The Movie is Here in Thunder Bay. Don't Miss it.

The Movie is Here  in Thunder Bay. Don't Miss it.
Indian Horse, the movie based on the book by Richard Wagamese

Saturday, December 4, 2010

NEW FICTION by Margaret

Margaret Philips of the Northern Woman's Bookstore writes about reading.
We are pleased to let you know that the novels that won the GILLER PRIZE and the GOVERNOR GENERAL’S AWARD are now in stock.

It’s great to see the GILLER go to a young writer published by a small independent Canadian press. THE SENTIMENTALISTS . Johanna Skibsrud debut novel is the story of a father haunted by the horrors of the Vietnam War who retreats to a small Ontario town. When his daughter (fleeing her own troubles) arrives “she finds her father in the twilight of his life, and rapidly slipping into senility. With love and insatiable curiosity, she devotes herself to learning the truth about his life…. Lyrical and riveting THE SENTIMENTALISTS is a story of what lies beneath the surface of everyday life, and the commanding power of the past.” This book is literally hot off the press so I haven’t even peeked at it yet, but I’m looking forward to a great read.
I have embarked on Dianne Warren’s novel COOL WATER which won this year’s Governor General’s award. I like what I’ve read so far. Warren has Carol Shield’s (or perhaps even Alice Munro’s) capability of making the ordinary – extraordinary. COOL WATER brings to life the fictional town of Juliet, Saskatchewan, with overlapping stories of some its ordinary/extraordinary residents. Warren’s prose is beautiful… the story (stories) moving… I can’t wait to get back to it.

A new novel by Jane Urquhart is wonderful. SANCTUARY LINE is a compelling and intricate story of family legacies, love, betrayal, and loss. Set in the present on a farm at the shores of Lake Erie, the novel weaves elements from the past into a contemporary story of events in the lives of the members of one family. Stunning in the beauty of its prose and startling in its complexity, SANCTUARY LINE is a novel I will read again and again.

Talking about WAITING FOR JOE, Joan Baril says “Sandra Birdsell has crafted a masterpiece. She has created two characters you won’t soon forget. Laurie and Joe had big money and blew it. Now they are living in a stolen, clapped-out RV on a Wal-Mart parking lot. Laurie is an impulse shopper, a fashionista and home decorator, a collector of objects, the epitome of the shallow, media driven, over-merchandised 21st century. Even though she has no money, Laurie is unable to stop spending. Joe, once a golden boy, alternates between fits of outrage, self pity, and the desire to leave. The couple stand in contrast to Joe’s father, Alfred, a tough old bird who survived Japanese prison camps and is now surviving the indignities that arrive near life’s end. Neither Laurie or Joe can stick to a plan. They live by impulse. But they are not cardboard cut-outs. They are real people with families, childhood histories, past tragedies and loves. This is a rock- hard book  but fortunately it has an upbeat ending.”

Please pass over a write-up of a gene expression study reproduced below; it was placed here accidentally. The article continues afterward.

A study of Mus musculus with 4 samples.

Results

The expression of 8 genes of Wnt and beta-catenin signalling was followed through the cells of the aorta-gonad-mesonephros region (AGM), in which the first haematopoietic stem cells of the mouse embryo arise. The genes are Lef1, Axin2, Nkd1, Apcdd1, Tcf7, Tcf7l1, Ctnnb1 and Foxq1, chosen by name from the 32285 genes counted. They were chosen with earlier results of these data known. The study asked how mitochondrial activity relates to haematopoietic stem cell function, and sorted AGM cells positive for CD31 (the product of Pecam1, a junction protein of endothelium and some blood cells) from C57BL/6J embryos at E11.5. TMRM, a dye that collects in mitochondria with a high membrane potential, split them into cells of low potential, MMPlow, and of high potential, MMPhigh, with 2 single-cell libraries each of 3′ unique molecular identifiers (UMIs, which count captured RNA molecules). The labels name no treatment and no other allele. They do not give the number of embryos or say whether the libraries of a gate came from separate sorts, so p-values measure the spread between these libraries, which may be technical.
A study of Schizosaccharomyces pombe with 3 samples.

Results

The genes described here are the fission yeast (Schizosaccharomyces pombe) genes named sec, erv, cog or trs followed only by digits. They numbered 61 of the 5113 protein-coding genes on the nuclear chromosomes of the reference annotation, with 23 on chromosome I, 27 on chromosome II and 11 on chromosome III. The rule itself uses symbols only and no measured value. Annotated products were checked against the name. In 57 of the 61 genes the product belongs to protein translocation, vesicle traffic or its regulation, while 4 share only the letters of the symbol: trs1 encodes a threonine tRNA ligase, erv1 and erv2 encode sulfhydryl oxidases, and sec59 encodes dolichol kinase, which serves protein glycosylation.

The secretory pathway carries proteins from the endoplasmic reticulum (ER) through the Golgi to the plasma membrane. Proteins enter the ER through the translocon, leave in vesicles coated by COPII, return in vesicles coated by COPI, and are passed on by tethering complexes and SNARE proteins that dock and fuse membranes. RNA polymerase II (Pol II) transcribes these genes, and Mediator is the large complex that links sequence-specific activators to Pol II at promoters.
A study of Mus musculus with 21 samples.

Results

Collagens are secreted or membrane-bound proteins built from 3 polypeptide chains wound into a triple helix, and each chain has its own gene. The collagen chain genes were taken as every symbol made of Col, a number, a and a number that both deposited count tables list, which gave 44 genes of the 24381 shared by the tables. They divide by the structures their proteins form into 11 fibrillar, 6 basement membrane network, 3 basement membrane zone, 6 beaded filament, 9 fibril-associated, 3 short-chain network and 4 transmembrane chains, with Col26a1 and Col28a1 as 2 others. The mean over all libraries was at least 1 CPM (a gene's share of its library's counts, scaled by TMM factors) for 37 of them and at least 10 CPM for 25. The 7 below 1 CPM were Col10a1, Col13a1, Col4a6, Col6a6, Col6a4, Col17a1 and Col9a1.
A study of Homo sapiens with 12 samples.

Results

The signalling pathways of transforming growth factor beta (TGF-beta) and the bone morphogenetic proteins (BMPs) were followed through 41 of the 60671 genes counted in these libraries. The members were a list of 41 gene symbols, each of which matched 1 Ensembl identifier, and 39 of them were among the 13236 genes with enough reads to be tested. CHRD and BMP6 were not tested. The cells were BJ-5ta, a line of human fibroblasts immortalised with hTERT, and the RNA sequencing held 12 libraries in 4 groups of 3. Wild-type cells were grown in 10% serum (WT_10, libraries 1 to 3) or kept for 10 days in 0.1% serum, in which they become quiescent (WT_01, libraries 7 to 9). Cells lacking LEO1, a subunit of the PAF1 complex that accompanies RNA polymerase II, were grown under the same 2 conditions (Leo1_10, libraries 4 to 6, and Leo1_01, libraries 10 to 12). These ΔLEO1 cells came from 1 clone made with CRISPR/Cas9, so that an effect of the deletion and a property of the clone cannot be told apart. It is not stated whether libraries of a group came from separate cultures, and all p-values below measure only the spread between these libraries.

In praising THE GHOST BRUSH, Katherine Govier’s new novel, historian Margaret McMillan says, “Katherine Govier takes us on a moving and fascinating quest as she explores the vanished world of 19th century Japan and the submerged stories of its women. Her telling of that of Oei, the daughter of the great painter Hokusai and perhaps his superior as an artist, is at once a work of painstaking historical research and a bold leap of the imagination”. And Joy Kogawa says “I get shivers when Katherine Govier describes Hokusai’s daughter. It’s as if she is channeling Oei, this Japanese woman trapped in that long-lost world… People have to know this story. And they’ll love reading it”.

Winner of the Governor General’s Award for The Perfect Circle, Pascale Quiviger’s new novel is THE BREAKWATER HOUSE. This novel is about the bonds of friendship; the ties between mothers and daughters; the act of creation itself. Clever, artfully told, and full of compelling characters, it is also a rarity: both a galloping good read and a magical, intricately wrought work of art that reveals layer upon layer, nuance upon nuance.”

THE BEAUTY OF THE HUMANITY MOVEMENT, the new novel by Camilla Gibb, (author of Sweetness in the Belly) is winning critical acclaim. “Set in contemporary Vietnam, this is the story of a country undergoing momentous change, a story that transforms our notion of how family is defined- not always by bloodlines but by the heart. Tu’ is a young tour guide working in Hanoi, but while he leads tourists through his city he wonders what it is they are seeing of Vietnam- and what they miss entirely. Maggie, who is Vietnamese by birth but has lived most of her life in the U.S., has returned to the country in search of clues to her dissident father’s disappearance during the war. Holding the story together is Old Man Hung, who has survived decades of political upheaval and through it all has found a way to feed hope to the community of pondside dwellers among whom he lives. This is a keenly observed and skillfully wrought novel about the reverberation of conflict through generations, the enduring legacy of art, and the redemption and renewal of long-lost love.”